Happy Diamond Jubilee
Longtime Washingtonians Clarence and Doris Roedell celebrate their 75th Wedding Anniversary
Despite the hardships, Clarence thrived in Nooksack, sporting around in his dad’s Model A Ford, playing center on the high school basketball team (Gale Bishop, who turned professional after attending WSU, played there too), and hanging out with his friends and double cousins.
Flag Twirlers & Boeing’s Red Barn
Meanwhile, Doris Scott spent her formative years from 5th to 10th grade at the other end of the state in Colfax, a bustling wheat town in the scenic Palouse, a hop-skip-and-a-jump from Washington State University. She camped with the Campfire Girls, watched movies, went to dances and marched as a flag twirler at parades and school games.
Doris had two sisters and a brother but spent as much time as possible with her two best friends. The three were known to dress alike and it was always a thrill when one of the mothers would drive the trio into Spokane to pick out dresses, especially for an important event like the Junior Prom.
Before the family moved to Colfax, they shuffled around quite a bit as her parents looked for work. Doris was born on Seattle’s Beacon Hill but moved to her father’s family farm in Valley (north of Spokane) when she was about three. They later relocated to Spokane among other places, but Doris especially remembers the farm where she learned how to milk the cow to feed the kitty. She recalls the gentle cow with fondness: “Old Bess wouldn’t hurt anyone.”
Life in Colfax was fun for Doris, despite the hardship of having a fulltime working mother and a father disabled from mustard gas during WWI. It was a shock when she learned that her pleasant life was about to be uprooted because they were moving to Seattle. Her mother would soon be working as a “Rosie the Riveter” at Boeing’s historic birthplace, the Old Red Barn.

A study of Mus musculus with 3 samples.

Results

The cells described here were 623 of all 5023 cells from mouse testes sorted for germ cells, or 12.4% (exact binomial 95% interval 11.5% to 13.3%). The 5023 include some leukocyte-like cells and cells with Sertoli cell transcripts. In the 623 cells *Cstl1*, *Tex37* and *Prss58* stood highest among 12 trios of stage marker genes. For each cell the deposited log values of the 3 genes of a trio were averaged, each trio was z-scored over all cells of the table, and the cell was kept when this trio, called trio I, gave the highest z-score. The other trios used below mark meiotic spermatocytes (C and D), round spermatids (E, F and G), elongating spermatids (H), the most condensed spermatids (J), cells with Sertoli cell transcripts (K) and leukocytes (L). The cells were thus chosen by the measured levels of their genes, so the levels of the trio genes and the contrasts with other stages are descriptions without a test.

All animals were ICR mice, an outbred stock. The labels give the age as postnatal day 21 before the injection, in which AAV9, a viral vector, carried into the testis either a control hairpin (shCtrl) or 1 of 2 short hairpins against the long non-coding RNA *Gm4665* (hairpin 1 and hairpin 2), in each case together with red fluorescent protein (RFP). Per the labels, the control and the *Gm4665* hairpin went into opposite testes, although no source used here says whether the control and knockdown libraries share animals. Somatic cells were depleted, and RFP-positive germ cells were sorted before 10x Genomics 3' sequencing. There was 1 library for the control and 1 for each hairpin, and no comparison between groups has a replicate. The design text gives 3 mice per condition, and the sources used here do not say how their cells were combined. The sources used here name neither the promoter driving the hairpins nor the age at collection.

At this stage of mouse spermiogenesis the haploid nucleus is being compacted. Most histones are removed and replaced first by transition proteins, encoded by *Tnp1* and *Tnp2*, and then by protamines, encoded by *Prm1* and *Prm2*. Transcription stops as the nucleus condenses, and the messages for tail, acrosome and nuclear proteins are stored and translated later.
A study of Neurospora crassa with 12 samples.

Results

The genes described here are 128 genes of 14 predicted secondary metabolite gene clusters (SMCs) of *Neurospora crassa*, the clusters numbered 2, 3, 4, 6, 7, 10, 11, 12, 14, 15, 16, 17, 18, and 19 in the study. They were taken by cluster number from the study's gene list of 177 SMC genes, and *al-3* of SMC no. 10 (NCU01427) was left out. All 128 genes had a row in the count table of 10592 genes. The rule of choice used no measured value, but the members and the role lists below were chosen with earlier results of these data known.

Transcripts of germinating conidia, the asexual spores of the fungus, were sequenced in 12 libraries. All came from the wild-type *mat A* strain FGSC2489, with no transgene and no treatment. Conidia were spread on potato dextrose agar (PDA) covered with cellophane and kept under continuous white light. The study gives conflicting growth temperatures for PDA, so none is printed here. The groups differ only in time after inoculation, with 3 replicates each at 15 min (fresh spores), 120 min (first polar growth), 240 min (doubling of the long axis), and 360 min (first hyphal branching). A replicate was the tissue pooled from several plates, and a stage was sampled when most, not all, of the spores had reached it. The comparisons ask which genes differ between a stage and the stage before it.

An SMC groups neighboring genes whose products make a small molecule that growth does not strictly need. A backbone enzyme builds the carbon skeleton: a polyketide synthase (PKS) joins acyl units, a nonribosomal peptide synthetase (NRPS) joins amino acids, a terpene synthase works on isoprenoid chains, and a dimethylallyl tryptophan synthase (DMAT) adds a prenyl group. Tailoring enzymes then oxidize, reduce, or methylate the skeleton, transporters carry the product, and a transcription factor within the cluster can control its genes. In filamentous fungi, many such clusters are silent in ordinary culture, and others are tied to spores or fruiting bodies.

“Mother loved working there,” says Doris. “She had friends and was making good money. That was one of the happiest times of her life.”
Seattle’s wartime boom summoned thousands of workers from across the country. The Scotts and Roedells were no exception; both families arrived in the summer of ‘42 from opposite ends of the state. The Roedells moved into a brand-new apartment at Yesler Terrace overlooking downtown Seattle (their first home with indoor plumbing); the Scott’s moved to Capitol Hill with the smell of fresh-baked bread wafting in from nearby Langendorf Bakery.
When Doris Met Clarence
Before Doris met Clarence, she met his younger sister, Carol. Both were small-town kids thrown into big city life at Broadway High, confronted with cliques of girls who wore cashmere sweaters and saddle shoes. The two swiftly bonded and never looked back. High school life didn’t seem as important as skipping class each time a new Frank Sinatra picture hit town, or their jobs at Bartell’s (where they often met old Mr. Bartell, who was known to shake hands with his employees at Christmastime). School certainly didn’t seem as important as the romance that was about to bloom for the not quite 16-year-old Doris.